I'm fortunate enough to live in the BBQ capital of the world: Kansas City. With somewhere around 100 BBQ restaurants in the KC metro, there's no shortage of choices. Sometimes you just want to do things yourself, however.
Baby back ribs (more formally known as pork loin back ribs) are one of my favorites. Here's a quick look at how I do it.
Start with a rack of ribs.
Mix up some rub. I'm using the Best Ribs In The Universe recipe.
Best Ribs In The Universe Rub – 1/4 Batch
1/4 cup sugar
1/4 cup non-iodized table salt
1/8 cup brown sugar, dried
4 teaspoons chili powder
2 teaspoons ground cumin
1 teaspoon Accent (MSG)
1 teaspoon cayenne pepper
1 teaspoon black pepper, freshly ground
1 teaspoon granulated garlic powder
1 teaspoon onion powder
Mix it up. Put it on by hand or use an old shaker. Put it on both sides. You don't need a ton of this rub, it's potent. Some folks like to use mustard as a coating to help adhere the rub. That's fine, you won't taste the mustard. Sometimes I do that, sometimes I don't.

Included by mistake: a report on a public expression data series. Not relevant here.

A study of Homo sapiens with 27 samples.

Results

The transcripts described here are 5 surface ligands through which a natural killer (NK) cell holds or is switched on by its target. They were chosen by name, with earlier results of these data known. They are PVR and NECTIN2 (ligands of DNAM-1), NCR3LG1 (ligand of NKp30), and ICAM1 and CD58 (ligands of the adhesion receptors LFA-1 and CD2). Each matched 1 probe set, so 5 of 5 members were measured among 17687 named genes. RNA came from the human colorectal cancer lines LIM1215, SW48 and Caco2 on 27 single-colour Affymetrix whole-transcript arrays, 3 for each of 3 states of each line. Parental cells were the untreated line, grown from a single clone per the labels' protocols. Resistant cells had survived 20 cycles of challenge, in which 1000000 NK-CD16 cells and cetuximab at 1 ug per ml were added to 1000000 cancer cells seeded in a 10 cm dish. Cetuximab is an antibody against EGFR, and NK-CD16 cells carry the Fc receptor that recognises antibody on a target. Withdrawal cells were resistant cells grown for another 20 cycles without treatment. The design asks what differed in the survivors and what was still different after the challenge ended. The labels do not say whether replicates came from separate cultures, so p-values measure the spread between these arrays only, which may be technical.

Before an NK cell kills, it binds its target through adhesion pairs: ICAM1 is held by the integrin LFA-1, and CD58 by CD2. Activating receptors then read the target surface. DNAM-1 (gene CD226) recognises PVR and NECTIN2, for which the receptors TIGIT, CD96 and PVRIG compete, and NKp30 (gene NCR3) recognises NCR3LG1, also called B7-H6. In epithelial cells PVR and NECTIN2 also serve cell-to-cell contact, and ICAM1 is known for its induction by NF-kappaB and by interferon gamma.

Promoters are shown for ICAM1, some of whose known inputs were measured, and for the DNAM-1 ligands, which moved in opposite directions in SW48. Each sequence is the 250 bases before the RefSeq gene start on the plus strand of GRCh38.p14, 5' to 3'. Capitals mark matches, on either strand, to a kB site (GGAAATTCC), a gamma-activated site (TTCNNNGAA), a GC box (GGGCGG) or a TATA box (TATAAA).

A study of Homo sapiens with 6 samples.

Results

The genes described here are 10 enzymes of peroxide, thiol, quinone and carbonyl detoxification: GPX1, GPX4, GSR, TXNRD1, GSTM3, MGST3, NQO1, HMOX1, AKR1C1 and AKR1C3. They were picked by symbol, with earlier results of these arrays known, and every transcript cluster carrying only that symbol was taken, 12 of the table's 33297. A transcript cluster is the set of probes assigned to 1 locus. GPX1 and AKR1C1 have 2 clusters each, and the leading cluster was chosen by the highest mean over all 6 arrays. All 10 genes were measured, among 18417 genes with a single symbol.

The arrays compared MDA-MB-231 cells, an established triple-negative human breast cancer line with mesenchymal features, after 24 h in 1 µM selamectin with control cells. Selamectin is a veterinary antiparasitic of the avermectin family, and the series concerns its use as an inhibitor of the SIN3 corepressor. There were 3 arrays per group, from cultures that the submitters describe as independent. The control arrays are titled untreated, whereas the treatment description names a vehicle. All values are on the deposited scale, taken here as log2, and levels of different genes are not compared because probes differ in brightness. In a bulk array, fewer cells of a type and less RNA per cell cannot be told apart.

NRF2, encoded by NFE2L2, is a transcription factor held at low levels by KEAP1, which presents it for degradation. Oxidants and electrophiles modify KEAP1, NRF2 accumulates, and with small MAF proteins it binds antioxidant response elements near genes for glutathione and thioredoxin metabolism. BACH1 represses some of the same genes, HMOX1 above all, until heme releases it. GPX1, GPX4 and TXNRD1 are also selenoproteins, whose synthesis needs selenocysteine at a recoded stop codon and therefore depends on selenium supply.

Get a good, even coat on them.
Once it's up to temp, put those ribs on, bone side down.
After 3 hours, flip those ribs over.
I'm gonna stay true to the B.R.I.T.U recipe here. Turn the smoker up to 250 to 275. After an hour, it's time to see if they're done.
Some people stick a meat thermometer in the meat between the bones and call them done at around 195 to 203. I'm a simple man and I just try to pull the ends of the bones apart. When the meat starts pulling away from the bones, they're done. Do whatever makes you happy.
If they're not done, leave 'em on and check again every 15 or 30 minutes or so. This was a pretty large rack at 4.5 lbs. so it took another hour to finish. BBQ is done when it's done, you can't always rush it.
Once I hit temp, I put some sauce on it. Leave 'em dry if you want but I like 'em wet. In this case, it was a 50/50 mix of local honey and some Cowtown BBQ Sauce (a.k.a. Joe's KC sauce). Brush it on both sides.